People around the world find themselves in the midst of one great, shared experience. Social distancing and large-scale quarantine measures became the norm in the months of March and April for many in the U.S. Colleges and schools stand empty, workplace conversations take place on laptops around kitchen tables or, in many industries, not at all. We spoke with a few of our members whose lives, work and studies have been directly impacted since governments across the U.S. took measures to slow COVID-19’s spread. The answers have been lightly edited for clarity.

Jared Scism – Asst. Director of the University of Central Oklahoma International House and Programming and Executive Director of the OKGIT

Jared Scism

What is your title and what does your company/program do in “normal” times?

“I am the Assistant Director, UCO International House and Programming a part of the UCO Office of Global Affairs. My job specifically provides intercultural campus housing and programs for international students to learn about American culture and to teach the local community about their culture.The UCO Office of Global Affairs is also responsible for the recruitment, admission and immigration of new international students and making sure the students remain in legal status while studying in the United States.”

How did the COVID-19 issue impact your day-to-day work?

“All intercultural activities on campus were canceled for the remainder of the semester. After Spring Break, all employees were expected to work from home until  June 1.Prior to June 1, I returned back to campus to open a food pantry on campus that local community members could bring food to help international students who were unable to buy any.”

If you’ve been forced to shut down or work from home, how has that impacted your job?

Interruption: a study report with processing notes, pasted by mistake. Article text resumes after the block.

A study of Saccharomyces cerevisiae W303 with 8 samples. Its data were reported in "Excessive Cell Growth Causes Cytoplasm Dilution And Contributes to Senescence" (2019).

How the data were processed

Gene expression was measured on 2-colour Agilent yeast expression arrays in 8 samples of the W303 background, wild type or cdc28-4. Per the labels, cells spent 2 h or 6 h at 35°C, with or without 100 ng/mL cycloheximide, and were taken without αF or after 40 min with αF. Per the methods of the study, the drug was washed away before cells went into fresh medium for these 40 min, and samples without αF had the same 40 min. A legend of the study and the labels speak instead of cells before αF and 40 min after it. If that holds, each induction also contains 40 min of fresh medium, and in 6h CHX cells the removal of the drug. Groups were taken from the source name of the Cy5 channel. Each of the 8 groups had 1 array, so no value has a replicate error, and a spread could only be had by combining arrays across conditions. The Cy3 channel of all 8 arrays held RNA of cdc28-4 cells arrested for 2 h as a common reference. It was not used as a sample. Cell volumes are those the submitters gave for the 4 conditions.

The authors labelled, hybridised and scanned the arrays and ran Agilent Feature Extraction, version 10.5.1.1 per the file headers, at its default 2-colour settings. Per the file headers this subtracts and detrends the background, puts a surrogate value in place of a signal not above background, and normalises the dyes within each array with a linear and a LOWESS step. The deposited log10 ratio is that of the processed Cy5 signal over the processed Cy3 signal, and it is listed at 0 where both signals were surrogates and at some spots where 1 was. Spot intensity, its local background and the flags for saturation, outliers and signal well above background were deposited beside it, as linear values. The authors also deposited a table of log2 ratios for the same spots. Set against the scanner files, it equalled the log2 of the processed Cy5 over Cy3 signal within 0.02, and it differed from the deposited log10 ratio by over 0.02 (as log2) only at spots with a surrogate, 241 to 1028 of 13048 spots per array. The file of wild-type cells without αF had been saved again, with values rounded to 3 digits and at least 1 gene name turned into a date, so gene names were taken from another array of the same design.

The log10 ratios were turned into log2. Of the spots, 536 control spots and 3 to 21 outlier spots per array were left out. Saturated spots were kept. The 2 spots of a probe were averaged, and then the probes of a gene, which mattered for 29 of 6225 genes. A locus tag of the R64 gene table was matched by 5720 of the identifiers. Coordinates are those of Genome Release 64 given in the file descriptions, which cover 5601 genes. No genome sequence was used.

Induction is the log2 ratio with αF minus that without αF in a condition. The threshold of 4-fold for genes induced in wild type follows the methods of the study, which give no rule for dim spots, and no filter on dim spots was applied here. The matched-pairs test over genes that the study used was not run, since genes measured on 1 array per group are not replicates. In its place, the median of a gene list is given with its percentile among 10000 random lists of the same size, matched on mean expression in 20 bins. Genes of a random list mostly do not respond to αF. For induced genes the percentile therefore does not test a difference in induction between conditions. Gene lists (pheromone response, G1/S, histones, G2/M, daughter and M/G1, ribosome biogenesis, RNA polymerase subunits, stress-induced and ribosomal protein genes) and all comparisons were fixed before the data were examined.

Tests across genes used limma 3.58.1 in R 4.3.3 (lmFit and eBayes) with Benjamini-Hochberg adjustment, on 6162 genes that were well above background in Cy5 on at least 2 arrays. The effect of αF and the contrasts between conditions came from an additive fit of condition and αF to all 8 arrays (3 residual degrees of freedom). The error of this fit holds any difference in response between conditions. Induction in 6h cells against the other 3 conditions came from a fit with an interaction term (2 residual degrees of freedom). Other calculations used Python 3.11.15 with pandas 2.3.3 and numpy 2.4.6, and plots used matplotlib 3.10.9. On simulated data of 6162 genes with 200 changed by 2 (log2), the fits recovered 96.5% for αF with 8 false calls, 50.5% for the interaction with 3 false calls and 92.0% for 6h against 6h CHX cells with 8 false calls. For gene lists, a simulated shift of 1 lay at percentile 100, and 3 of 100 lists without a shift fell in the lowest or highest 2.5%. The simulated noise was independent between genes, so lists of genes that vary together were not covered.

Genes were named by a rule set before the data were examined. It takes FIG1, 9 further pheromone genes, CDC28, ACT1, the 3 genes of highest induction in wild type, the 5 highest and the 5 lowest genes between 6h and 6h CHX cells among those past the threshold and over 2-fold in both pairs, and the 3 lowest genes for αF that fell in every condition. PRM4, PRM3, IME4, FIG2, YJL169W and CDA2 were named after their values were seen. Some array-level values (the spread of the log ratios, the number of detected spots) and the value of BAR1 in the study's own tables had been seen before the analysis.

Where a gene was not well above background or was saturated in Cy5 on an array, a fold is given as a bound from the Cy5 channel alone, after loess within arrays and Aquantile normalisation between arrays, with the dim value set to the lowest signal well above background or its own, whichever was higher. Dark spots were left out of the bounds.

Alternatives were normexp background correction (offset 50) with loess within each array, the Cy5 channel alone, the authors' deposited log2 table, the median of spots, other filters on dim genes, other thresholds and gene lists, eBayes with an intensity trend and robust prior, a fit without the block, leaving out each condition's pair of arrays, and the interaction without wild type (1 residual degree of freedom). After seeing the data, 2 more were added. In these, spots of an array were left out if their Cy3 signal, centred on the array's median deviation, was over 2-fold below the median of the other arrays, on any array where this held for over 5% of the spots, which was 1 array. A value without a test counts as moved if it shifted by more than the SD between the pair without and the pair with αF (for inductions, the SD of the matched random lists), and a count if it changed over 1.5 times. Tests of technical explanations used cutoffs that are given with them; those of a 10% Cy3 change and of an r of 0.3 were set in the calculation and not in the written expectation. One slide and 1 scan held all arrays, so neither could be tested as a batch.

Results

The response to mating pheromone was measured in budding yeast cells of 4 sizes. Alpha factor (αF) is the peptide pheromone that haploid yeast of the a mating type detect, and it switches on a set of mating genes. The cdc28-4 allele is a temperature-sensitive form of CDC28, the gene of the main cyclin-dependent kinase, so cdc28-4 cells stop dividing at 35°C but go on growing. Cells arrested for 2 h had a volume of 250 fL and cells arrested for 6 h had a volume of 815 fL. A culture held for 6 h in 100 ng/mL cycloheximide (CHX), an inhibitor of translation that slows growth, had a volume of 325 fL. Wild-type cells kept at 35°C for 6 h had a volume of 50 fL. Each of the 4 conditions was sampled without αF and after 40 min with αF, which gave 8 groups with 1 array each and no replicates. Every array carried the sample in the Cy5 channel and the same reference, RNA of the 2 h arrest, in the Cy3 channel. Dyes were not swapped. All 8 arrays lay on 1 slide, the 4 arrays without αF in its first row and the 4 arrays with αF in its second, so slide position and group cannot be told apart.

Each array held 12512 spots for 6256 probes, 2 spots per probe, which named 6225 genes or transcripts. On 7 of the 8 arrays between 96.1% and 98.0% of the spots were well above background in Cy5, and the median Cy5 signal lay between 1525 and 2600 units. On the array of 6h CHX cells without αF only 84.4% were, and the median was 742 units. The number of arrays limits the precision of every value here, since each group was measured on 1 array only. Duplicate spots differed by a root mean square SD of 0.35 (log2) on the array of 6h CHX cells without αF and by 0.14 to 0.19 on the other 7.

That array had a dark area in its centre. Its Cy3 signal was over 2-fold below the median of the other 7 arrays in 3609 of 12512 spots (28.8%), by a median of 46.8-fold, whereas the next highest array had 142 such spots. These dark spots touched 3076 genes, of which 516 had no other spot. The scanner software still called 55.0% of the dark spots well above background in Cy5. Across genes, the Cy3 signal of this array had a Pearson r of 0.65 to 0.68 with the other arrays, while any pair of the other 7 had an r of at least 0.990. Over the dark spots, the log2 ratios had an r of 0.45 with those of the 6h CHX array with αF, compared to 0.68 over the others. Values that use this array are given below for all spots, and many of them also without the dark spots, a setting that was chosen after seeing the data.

“We have returned to campus, but we were expected to work from home at the beginning. This meant all events on campus were canceled. However, we were creative and held our international pageant on Facebook Live and all contestants performed the different parts of the pageant from their own homes, apartments and dorms.

“Furthermore, we held daily events on our UCO International House Facebook Live and called them Power Hour. Each daily event had a theme: Monday Meals where we learned to make a food from a different culture, Tuesday Trivia where students competed through answering trivia questions about particular regions around the world, Wellness Wednesday where we would do a workout, practice meditation, etc, Tea Thursdays where all students where welcome to bring their own tea and talk about struggles they were facing during the pandemic, and Fun Fridays where we learned various cultural dances from all over the world.

What are the biggest challenges you face in your work in the coming few months?

“At the moment, nearly all United States embassies around the world have not be reopened, which makes it difficult for incoming international students to get their visas in order to come and study here. Furthermore, everything is very fluid for the upcoming semester (i.e. classes, activities)  because we are not sure whether or not we can anticipate a second wave of COVID-19 coming soon. This may lead to more classes going online and more activities having less attendees or forcing us to hold more virtual events online. Furthermore, several of our international students come from countries where their families are unable to open their businesses, unable to send money to their children because banks are closed or even arrested for leaving their homes, and international students are unable to return home because their countries have been completely locked down, even to their own citizens making it difficult for students to pay for tuition.”

Have there been any positives you can point to in terms of new ways of doing business or working that have come during this time?

“I believe this time has allowed our international students to see how much the community cares for them. We have raised over $20,000 to help students with financial assistance (see the Go Fund Me here), keep a stocked pantry for them to come and get food that is open daily, and find host families in the community that want to connect with them and help them out in any way that they can.”